As with most health conditions, there are a number of misconceptions surrounding ADHD, making the lives of those who live with the condition infinitely harder.
Attention deficit hyperactivity disorder, aka ADHD, is one of the most common neurobehavioral disorders of childhood. However, as with most health conditions, there are a number of misconceptions surrounding ADHD, making the lives of those who live with the condition infinitely harder. While it is usually first diagnosed in childhood, in some cases, the signs and symptoms of the disorder— which include trouble paying attention and controlling impulsive behaviors, inability to stay seated, constant fidgeting, etc — are misunderstood as voluntary actions. Left undiagnosed and untreated, the individual then faces a lifetime of feeling misunderstood and helpless.
It, therefore, goes without saying that the world needs to have a better understanding of ADHD and the true complexity of it. A Twitter user recently took it upon herself to call out this issue in a now-viral rant that explained why the disorder is far more serious than hyperactivity and short attention spans. "Start normalizing recognizing ADHD as a serious learning disability that includes sensitivities to light & sound, depression, maladaptive daydreaming, not reading social cues, fidgeting & restlessness, not being able to do anything for no apparent reason, having a hard time with mental math & math in general, hyperfixations," tweeted @leah_666666.
"Getting attached to objects in the store easily like a teddy bear and literally NEEDING to take it home, only eating foods you like, easy anxiety & nervousness, opposition to most authority, needing to do your own thing or else you'll be severely unhappy, etc," the Twitter user continued. "I AM TIRED of people thinking of it as being 'distracted by a bird... oh look a butterfly! Omg, my leg is bouncing so fast! wow!' People who have ADHD have complex problems that come with this disorder." Dr. Vania Manipod, an assistant clinical professor of psychiatry at Western University of Health Sciences, supports many of the points laid out in this tweet in her article for Healthline, which debunked five common myths about ADHD.
my doctor was like ur attention deficient here’s some meds tell me if they work. and i had no idea what to look for ?? i didn’t know this was the reason behind the way i act i literally figured it was just my inability to sit still— beaux ミ☆ (@adhdeef) September 29, 2020
"These misunderstandings about the condition are harmful to the folks within the community. They can result in problems such as delays in diagnosis and accessing treatment, not to mention leaving people feeling misunderstood," she wrote. "Take my patient Vanessa. She spent years struggling at school, both in high school and college. During those years, she was unable to retain information she had spent hours learning and constantly felt anxious at the thought of the things she had to do. It wasn’t until she sought the help of a psychiatrist while at college and was diagnosed with ADHD that she understood why this was happening to her. Had Vanessa been diagnosed at an earlier age, she may have been given the appropriate tools to help her through school."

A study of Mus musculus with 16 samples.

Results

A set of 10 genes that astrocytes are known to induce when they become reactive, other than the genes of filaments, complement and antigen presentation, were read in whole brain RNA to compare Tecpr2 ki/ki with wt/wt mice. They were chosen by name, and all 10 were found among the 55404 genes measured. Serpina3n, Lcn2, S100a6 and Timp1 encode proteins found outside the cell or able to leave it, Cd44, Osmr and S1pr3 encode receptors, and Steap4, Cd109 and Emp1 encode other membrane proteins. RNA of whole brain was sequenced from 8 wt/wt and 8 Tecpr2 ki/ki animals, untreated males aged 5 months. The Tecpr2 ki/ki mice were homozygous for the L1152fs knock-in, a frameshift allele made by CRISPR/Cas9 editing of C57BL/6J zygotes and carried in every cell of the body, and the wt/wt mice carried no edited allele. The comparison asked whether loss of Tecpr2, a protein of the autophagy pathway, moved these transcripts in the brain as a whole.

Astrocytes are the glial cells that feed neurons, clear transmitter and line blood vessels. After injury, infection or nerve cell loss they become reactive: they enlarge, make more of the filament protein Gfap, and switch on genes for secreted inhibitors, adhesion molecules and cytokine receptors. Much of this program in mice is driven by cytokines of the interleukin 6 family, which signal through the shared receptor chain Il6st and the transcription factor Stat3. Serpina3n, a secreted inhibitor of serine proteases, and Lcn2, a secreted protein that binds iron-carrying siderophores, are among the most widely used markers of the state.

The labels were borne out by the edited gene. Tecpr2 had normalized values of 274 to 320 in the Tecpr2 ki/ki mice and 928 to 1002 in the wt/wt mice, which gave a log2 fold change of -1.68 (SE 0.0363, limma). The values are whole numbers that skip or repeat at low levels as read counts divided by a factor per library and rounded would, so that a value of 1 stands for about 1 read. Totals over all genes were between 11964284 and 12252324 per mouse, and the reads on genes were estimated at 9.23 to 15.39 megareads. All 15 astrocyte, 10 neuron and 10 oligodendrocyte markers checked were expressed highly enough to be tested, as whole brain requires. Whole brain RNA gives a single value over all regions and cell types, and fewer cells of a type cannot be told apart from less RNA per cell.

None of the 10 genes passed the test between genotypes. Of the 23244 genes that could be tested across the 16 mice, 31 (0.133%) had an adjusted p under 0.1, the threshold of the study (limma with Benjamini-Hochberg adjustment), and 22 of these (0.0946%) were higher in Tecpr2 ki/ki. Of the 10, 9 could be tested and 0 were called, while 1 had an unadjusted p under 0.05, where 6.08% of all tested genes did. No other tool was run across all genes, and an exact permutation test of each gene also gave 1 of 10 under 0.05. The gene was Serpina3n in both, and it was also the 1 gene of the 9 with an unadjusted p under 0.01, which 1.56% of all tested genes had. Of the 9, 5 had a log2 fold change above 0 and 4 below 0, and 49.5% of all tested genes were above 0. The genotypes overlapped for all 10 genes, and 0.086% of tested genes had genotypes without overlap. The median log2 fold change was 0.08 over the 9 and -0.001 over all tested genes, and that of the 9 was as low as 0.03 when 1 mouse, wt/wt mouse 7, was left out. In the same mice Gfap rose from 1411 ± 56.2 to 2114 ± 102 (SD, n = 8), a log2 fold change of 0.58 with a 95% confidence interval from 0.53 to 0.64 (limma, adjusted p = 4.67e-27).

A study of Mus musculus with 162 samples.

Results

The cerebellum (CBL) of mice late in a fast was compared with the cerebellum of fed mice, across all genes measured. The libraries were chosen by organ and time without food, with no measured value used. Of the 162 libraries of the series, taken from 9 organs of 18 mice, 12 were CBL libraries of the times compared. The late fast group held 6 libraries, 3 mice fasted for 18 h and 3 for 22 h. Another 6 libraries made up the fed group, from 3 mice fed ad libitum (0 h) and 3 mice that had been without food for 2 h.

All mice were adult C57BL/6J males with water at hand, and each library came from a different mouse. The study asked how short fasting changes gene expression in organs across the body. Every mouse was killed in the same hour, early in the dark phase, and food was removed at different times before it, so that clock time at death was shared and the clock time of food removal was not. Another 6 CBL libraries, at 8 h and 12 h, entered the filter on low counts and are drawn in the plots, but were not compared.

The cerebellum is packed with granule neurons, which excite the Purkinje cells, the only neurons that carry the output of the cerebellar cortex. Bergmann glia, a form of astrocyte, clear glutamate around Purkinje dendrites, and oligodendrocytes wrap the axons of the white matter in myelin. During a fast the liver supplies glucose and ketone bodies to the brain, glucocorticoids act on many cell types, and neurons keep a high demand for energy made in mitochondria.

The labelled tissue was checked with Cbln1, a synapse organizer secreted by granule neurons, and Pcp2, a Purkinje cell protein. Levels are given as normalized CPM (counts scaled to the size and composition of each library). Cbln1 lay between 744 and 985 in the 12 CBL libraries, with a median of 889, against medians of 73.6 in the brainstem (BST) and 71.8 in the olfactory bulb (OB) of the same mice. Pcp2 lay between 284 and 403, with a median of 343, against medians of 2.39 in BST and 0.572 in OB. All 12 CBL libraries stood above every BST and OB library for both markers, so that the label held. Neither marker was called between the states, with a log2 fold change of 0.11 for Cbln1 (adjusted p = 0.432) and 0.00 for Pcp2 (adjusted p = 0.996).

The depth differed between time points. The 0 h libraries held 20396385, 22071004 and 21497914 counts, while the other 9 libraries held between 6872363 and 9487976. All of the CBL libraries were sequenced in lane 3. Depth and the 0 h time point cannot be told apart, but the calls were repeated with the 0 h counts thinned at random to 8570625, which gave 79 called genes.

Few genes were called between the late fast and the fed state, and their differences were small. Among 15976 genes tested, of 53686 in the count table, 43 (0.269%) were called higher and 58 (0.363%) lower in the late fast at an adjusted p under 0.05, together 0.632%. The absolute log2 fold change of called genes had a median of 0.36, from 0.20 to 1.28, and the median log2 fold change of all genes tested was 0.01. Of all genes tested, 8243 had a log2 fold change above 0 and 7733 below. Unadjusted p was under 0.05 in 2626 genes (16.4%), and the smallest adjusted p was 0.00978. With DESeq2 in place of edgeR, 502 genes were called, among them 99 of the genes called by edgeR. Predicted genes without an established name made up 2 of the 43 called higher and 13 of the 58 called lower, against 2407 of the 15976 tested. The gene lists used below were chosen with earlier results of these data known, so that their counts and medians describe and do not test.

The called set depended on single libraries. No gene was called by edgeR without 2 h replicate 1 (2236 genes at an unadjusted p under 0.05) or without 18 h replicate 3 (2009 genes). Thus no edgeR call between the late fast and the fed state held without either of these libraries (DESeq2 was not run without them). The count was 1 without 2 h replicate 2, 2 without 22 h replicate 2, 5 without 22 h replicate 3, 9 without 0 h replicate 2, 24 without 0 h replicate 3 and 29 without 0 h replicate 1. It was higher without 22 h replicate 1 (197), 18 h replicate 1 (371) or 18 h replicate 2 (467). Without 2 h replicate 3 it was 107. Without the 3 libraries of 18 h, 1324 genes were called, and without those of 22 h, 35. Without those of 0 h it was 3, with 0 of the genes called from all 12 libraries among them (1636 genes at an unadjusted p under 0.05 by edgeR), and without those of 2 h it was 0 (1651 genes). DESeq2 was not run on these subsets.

THIS!!! My mom doesn’t accept that I was diagnosed w ADHD years ago and I rock back and forth to be able to eat or focus a lot, and when she tells me to stop my brain literally like, jolts and I’m unable to do anything. It’s like being suddenly frozen and filled w anxiety— Cotton is a cute boy 🇭🇷🏳️🌈 (@DadMacadamia) September 29, 2020
Among the myths dispelled by Dr. Manipod were the dangerous misconception that girls do not get ADHD and that the condition is caused by poor parenting. "In general, young girls aren’t as likely to be as hyperactive as young boys or display as many behavioral issues compared to boys, so people often don’t recognize ADHD in girls. The problem with this myth is that, because girls with ADHD often go untreated, their condition can progress, increasing issues with mood, anxiety, antisocial personality, and other comorbid disorders in adulthood," she explained.
Dr. Manipod also pointed out that it is wrong to accuse a person with ADHD of being lazy as they "tend to need more structure and reminders to get things done — especially activities that require sustained mental effort." She stressed that "while ADHD isn't life-threatening, it can have serious implications on a person’s overall quality of life." She explained that due to such misconceptions and lack of awareness about the disorder, individuals with ADHD are often judged and unfairly labeled.